Thanks for helping us create this insider’s view of our industry
Does this person sound like you? Your average annual compensation is $66,200. You're most likely a male about 38 years old, have a college degree, work 52 hours per week, and have about 11 years of IT experience. You probably live in the U.S. and work at a company that employs about 8000 people. Your chief job responsibilities are supporting end users, administering systems and networks, deploying desktop hardware and software, and performing systems analysis. You're generally happy with your job and you're not actively looking for a new position. But, you could be tempted by the right opportunity if it offered challenging work, professional development and training, and (of course) a good compensation package and job security. You have some concerns about outsourcing and offshoring.
The IT professional described here is a composite based on the answers to our extensive Windows IT Pro Industry Survey 2004. This exhaustive 75-item reader questionnaire provided the data underlying the articles in this issue. Our editors performed in-depth analysis of this information to help you see how you compare to your peers. For an overview of the survey's topics and how we conducted the survey, please refer to "Putting a Face on the IT Pro," page 15. To dive deeper into any particular topic, you can read the feature stories and examine the data tables and graphs.
At the heart of the research study and this issue of the magazine is our salary survey. You'll learn the details about how much IT pros earn plus what extra compensation people receive and how salaries vary according to region, years of experience, job title, and many other factors, in the article, "How Does Your Salary Stack Up?," page 21. In addition, you can do a personal evaluation of your salary by visiting our Salary Calculator Tool online at http://www.windows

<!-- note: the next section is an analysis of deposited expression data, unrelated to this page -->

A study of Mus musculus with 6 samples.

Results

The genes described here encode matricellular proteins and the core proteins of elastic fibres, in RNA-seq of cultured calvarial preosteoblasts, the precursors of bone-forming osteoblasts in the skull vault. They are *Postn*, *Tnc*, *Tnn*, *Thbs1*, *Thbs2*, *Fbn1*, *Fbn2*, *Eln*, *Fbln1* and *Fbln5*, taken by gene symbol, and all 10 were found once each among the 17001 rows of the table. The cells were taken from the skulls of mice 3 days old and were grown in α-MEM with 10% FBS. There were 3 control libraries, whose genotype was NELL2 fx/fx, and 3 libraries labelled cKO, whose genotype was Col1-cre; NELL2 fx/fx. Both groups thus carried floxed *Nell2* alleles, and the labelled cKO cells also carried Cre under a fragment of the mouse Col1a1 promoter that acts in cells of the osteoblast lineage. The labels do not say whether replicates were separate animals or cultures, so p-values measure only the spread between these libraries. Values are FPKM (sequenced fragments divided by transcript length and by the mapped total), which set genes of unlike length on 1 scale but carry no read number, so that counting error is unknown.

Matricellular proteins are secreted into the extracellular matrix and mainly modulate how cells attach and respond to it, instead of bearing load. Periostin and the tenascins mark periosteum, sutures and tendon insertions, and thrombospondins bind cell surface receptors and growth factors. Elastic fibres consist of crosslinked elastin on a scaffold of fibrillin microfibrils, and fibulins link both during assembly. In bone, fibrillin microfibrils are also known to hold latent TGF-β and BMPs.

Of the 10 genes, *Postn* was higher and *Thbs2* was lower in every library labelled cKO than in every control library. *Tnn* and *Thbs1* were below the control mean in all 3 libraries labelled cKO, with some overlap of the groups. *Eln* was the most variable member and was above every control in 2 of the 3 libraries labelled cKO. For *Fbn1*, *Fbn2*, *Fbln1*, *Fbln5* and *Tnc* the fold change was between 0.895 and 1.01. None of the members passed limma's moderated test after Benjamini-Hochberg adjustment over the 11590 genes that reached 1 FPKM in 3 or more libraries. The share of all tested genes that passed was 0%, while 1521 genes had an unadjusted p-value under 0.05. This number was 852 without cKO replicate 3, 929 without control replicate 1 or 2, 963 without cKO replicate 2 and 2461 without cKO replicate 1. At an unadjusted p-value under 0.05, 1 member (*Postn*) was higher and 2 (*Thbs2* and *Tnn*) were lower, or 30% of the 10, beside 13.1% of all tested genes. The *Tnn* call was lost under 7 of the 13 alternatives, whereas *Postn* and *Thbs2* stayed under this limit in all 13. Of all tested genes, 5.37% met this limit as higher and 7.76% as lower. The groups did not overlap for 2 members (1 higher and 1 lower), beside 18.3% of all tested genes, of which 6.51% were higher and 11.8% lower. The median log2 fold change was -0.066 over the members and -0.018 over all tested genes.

itpro.com/salary. This tool gives you a handy way to compare yourself against people in situations similar to yours, justify a raise, find out whether a different area of the country has higher salaries, or see how your salary reflects your years of experience.
This issue is full of useful—and fun—information that's all about you. This magazine is all about connecting the IT pro community; we think this survey data puts a face on that community. And we're not neglecting the core of technical content this month. You'll also find your favorite columns in this issue.
Bonus Section: The Hall of Fame
I'd be remiss not to highlight the special honor roll we're debuting in this issue: The Windows IT Pro Hall of Fame. On page 66, we reveal the 34 inductees in this year's class.
The list of innovators who have contributed to the development of our industry is a long one, and in this issue, we've only scratched the surface. We surveyed our writers and staff editors and did hours of research to find the pioneers whose innovations spawned the IT industry that you are part of today. We all can experience the excitement and passion of these innovators and share in the pride and satisfaction they must have felt—or continue to feel—in being part of such a dynamic, important industry. Join us in celebrating these people, and be sure to let us know whom you think we need to honor in the future.
An Incredible Response
Most of all, we thank the 2700-plus readers who participated in this online research project. Several of the survey questions were open-ended, and I can't tell you how gratifying it is that you answered in so much detail. Reading through thousands of comments, opinions, and anecdotes was truly enlightening. I'm also awed by the strong affinity you busy IT pros have for this magazine. A huge 60 percent of you said our editors could contact you directly with further questions. Thank you so much for opening yourselves to us.
We hope this issue helps develop community among IT professionals. You're a diverse yet cohesive group that makes daily contributions to the industry. As the survey evolves in future years, we hope to better understand—and help you explore—the trends, cycles, and people that continue to shape and drive our industry.